Thursday, October 20, 2005

Another big fat notch in the belt

Yesterday we drove down to DC for the day to present our proposed research in front of the Science Advisory Board. And, miracle of miracles, they voted to fund out proposal to the tune of $1,880,000 over four years. Yay! Much rejoicing and drinking of beer followed as all 5 PIs celebrated. In some circles, $1.8 million may not be a lot, but for us it is huge, quite possibly the biggest grant the entire department brought in this year. I'm still in shock. And this happened just in time for my mentoring committee meeting (on Halloween) and in time for me to add it to my package for this year's pay-for-performance adjustments. Life is good.

Also today I submitted my re-worked Career proprosal to the NSF unsolicited category. I'm asking for about $500,000 over three years for me and one co-PI. I feel that this is one of the best proposals I have ever written, and I will be crushed if (when?) it doesn't get funded. I got lots of good advice from my senior co-PIs on the way down to DC yesterday about the "broader impacts" part of the proposal, so I re-wrote that section and took it to one of my designated mentors to look at this morning. He gave me even more good advice (list the undergrads and high school students you have mentored by name and give a sentence explaining their projects). And I even remembered to include the mentoring I did for Chem 200, which is a new class run by the Chemistry Department with funds from NSF for their "Undergraduate Research Center." That ought to help, right? I never really understood that "broader impacts" stuff before. Now I'm finally starting to get it.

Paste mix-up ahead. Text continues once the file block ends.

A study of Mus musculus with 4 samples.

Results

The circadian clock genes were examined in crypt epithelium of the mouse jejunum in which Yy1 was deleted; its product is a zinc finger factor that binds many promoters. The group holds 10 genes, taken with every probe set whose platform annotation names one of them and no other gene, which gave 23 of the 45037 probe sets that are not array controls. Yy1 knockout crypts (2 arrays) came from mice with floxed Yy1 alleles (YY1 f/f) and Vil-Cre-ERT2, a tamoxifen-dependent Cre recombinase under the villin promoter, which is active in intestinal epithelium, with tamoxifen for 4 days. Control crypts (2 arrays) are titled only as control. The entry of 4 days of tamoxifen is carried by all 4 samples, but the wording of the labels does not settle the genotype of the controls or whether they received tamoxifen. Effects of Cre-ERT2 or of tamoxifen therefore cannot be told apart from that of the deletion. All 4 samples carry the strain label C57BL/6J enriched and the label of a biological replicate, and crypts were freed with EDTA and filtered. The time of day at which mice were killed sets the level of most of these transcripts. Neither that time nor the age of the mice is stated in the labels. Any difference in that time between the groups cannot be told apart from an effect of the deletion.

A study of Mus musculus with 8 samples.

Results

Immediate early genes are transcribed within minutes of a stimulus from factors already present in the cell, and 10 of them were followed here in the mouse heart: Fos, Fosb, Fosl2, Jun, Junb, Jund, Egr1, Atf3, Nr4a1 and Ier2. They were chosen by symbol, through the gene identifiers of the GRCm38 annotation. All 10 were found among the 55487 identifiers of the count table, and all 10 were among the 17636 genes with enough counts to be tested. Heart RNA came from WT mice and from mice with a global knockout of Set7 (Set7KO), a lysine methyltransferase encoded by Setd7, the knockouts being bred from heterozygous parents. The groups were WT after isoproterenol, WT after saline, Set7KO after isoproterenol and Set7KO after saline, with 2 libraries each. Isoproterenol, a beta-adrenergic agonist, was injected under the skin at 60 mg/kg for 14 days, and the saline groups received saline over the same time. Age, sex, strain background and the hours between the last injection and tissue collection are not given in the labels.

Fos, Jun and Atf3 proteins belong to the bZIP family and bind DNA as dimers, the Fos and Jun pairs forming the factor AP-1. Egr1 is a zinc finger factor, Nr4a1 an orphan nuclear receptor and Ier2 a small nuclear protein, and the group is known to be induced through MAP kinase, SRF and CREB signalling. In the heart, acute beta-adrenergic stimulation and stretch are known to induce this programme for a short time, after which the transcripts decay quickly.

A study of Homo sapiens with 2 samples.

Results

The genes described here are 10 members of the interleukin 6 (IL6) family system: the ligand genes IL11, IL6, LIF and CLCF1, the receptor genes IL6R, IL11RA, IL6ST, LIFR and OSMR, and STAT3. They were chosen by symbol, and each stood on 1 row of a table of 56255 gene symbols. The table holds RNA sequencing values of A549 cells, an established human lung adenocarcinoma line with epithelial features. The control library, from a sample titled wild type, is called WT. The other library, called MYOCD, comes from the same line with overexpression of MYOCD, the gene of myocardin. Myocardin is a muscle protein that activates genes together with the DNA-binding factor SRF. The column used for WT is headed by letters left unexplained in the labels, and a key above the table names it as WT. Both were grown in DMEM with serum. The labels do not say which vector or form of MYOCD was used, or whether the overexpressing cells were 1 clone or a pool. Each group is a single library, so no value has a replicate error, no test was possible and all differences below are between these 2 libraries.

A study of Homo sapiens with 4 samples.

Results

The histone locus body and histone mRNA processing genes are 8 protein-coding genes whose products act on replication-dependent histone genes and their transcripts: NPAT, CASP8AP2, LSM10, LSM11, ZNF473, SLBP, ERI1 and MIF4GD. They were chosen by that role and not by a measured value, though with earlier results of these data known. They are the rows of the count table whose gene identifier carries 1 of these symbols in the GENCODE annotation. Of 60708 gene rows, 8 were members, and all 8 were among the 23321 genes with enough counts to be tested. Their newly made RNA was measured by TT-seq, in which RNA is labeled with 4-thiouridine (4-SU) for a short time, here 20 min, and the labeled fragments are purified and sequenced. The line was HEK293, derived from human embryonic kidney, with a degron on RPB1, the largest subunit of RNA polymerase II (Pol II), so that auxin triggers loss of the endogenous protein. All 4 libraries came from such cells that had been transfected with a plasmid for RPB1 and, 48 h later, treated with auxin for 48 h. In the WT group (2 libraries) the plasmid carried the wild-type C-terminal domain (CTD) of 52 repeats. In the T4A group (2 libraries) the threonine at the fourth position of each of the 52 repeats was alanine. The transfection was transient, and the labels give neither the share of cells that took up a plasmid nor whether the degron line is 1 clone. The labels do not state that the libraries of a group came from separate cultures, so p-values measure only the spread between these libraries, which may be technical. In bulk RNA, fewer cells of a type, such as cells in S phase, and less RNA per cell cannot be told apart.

I have two PhD students who are trying to finish by Christmas. I doubt that both of them will make it, in fact I think the odds are high that both will miss the deadline and have to pay tuition for next semester. They are both sending me new drafts of their papers every week, which is a little overwhelming for me. But I'm eager to get them out and get their papers published.

My student centered learning experiment in my lab class is going really well. The students turned in their lab reports last week, and then they turned in their grades of each other's lab reports this week. I still have to do the final tallies, but they frequently gave out lower grades than I did for the same lab reports. At least they are taking their grading responsibilities very seriously, and I think they are learning A LOT. Not enjoying it much, but learning a lot. And after all, isn't that what it's all about?